For members of the United States military the consequences of a DUI/DWI conviction are often more severe than for persons who are not members of the military (civilians). In addition to civilian-court consequences (jail, prison, fines, penalties, loss of driving privileges) a member of the military who is convicted of a DUI/DWI offense may face the following military consequences: (1) a dishonorable discharge from the military; (2) rank reduction; (3) pay reduction; (4) loss of security clearance; and (5) imprisonment.
Although most criminal offenses alleged to have been committed on military bases are handled by military courts, military courts do not have exclusive jurisdiction (authority) over DUI/DWI offenses alleged to have been committed on a military base. If DUI/DWI charges are filed by both military and civilian courts the courts may coordinate to determine how the defendant will be prosecuted, and both jurisdictions can and may prosecute such an individual in their respective courts.
If a member of the military is arrested on a military base for a DUI/DWI offense the defendant will be charged in a military court under the power of the Uniform Code, as provided in Article 111 Section 911 of the Military Justice Law. See 10 U.S.C. §911. The defendant will be subject to punitive actions and adverse administrative actions. For example, punitive actions may include (1) a court-martial, with sentences of grade reduction, forfeiture of the defendant’s pay, discharge from the military, and imprisonment; and (2) non-judicial punishment provided in the Uniform Code of Military Justice, Article 15—which is commonly known as Captain’s Mast or Office Hours. See 10 U.S.C. §1015. And administrative actions taken by the military may include revocation of pass privileges, revocation of driving privileges, a letter of reprimand, reduction of grade, a bar to reenlistment, mandatory treatment for substance abuse, and corrective training. In addition to these military consequences, such a defendant may also face civilian consequences—such as suspension or revocation of driver’s license and a requirement to use an ignition interlock device (IID).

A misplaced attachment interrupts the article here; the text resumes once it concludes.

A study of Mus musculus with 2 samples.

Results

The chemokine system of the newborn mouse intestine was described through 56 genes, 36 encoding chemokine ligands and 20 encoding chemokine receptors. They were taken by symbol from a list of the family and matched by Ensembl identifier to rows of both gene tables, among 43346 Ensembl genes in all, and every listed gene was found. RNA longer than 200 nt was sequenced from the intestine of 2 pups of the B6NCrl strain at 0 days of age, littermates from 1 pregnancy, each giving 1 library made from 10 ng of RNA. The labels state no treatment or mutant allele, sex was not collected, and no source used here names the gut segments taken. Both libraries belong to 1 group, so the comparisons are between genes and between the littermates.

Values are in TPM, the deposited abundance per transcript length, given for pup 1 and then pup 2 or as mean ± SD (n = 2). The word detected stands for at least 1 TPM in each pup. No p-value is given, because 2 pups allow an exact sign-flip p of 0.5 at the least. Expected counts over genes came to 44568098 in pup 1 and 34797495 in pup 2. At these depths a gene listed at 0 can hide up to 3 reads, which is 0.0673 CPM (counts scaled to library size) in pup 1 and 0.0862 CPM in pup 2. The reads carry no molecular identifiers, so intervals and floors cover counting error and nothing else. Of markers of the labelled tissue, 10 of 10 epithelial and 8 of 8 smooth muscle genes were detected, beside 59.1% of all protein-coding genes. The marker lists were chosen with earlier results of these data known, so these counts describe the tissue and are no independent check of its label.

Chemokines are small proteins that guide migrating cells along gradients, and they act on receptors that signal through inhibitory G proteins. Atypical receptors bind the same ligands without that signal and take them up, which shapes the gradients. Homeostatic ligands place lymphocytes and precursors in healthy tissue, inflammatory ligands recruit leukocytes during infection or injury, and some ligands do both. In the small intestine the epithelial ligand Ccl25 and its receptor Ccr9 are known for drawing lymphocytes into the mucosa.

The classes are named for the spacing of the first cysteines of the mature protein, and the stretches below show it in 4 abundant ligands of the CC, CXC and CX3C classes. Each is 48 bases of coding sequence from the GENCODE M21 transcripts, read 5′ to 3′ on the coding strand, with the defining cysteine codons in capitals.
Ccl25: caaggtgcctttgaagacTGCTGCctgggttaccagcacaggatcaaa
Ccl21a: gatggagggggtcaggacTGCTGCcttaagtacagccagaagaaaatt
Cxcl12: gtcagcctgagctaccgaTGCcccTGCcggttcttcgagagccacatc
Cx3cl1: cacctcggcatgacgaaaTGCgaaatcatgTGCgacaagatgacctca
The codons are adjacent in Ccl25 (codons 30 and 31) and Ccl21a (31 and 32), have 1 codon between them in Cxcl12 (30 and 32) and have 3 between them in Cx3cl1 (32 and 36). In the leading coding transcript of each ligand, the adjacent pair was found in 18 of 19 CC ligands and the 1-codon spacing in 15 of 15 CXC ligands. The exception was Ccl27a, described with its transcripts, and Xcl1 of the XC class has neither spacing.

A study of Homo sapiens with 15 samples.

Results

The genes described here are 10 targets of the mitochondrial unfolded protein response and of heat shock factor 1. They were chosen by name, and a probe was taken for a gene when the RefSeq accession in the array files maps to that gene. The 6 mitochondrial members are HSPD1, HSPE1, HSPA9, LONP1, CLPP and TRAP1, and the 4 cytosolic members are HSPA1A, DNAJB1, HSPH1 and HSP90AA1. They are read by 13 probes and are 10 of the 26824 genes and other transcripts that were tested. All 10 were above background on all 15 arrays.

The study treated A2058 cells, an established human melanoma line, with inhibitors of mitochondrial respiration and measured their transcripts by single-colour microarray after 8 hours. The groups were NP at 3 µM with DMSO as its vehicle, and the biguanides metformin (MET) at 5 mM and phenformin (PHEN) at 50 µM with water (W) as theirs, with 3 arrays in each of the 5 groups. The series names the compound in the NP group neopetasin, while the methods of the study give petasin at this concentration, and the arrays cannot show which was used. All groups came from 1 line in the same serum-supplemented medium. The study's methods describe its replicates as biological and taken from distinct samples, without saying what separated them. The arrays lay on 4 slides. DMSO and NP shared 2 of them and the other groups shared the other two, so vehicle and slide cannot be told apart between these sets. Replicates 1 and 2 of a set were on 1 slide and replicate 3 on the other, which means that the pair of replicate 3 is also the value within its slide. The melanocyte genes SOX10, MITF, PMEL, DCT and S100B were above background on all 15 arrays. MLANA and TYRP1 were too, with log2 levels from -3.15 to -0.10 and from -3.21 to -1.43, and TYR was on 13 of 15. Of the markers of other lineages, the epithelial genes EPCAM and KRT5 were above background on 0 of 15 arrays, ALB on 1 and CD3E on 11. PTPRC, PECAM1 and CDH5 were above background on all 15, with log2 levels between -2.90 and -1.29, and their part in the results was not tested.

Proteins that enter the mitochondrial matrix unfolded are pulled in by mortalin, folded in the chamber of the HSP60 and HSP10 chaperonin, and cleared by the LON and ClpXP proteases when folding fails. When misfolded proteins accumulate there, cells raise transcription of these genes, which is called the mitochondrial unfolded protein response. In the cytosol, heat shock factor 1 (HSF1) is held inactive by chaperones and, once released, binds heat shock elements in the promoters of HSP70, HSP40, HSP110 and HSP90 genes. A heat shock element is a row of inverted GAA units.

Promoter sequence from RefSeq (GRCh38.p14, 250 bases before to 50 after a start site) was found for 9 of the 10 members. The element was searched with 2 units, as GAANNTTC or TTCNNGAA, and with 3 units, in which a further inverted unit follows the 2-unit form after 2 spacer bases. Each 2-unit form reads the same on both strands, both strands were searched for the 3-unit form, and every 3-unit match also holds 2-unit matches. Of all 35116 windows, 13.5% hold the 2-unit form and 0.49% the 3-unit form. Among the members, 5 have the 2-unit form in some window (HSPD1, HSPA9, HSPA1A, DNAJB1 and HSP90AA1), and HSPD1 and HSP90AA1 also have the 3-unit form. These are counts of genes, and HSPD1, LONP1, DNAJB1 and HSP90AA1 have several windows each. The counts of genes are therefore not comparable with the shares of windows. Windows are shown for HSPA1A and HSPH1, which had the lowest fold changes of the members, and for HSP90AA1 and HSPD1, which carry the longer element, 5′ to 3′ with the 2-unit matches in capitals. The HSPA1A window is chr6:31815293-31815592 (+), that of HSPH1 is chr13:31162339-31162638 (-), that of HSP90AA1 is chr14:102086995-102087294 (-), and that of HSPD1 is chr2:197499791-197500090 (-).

If a member of the military is arrested outside a military installation by civilian law enforcement authorities and charged with a DUI/DWI offense, the military member will likely be tried in a civilian court. But the military member’s commanding officer may also take administrative actions such revocation of pass privileges, revocation of driving privileges, a letter of reprimand, reduction of grade, a bar to reenlistment, mandatory treatment for substance abuse, and corrective training. And after the civilian case is concluded the military may also bring DUI/DWI charges—and other charges such as disorderly conduct.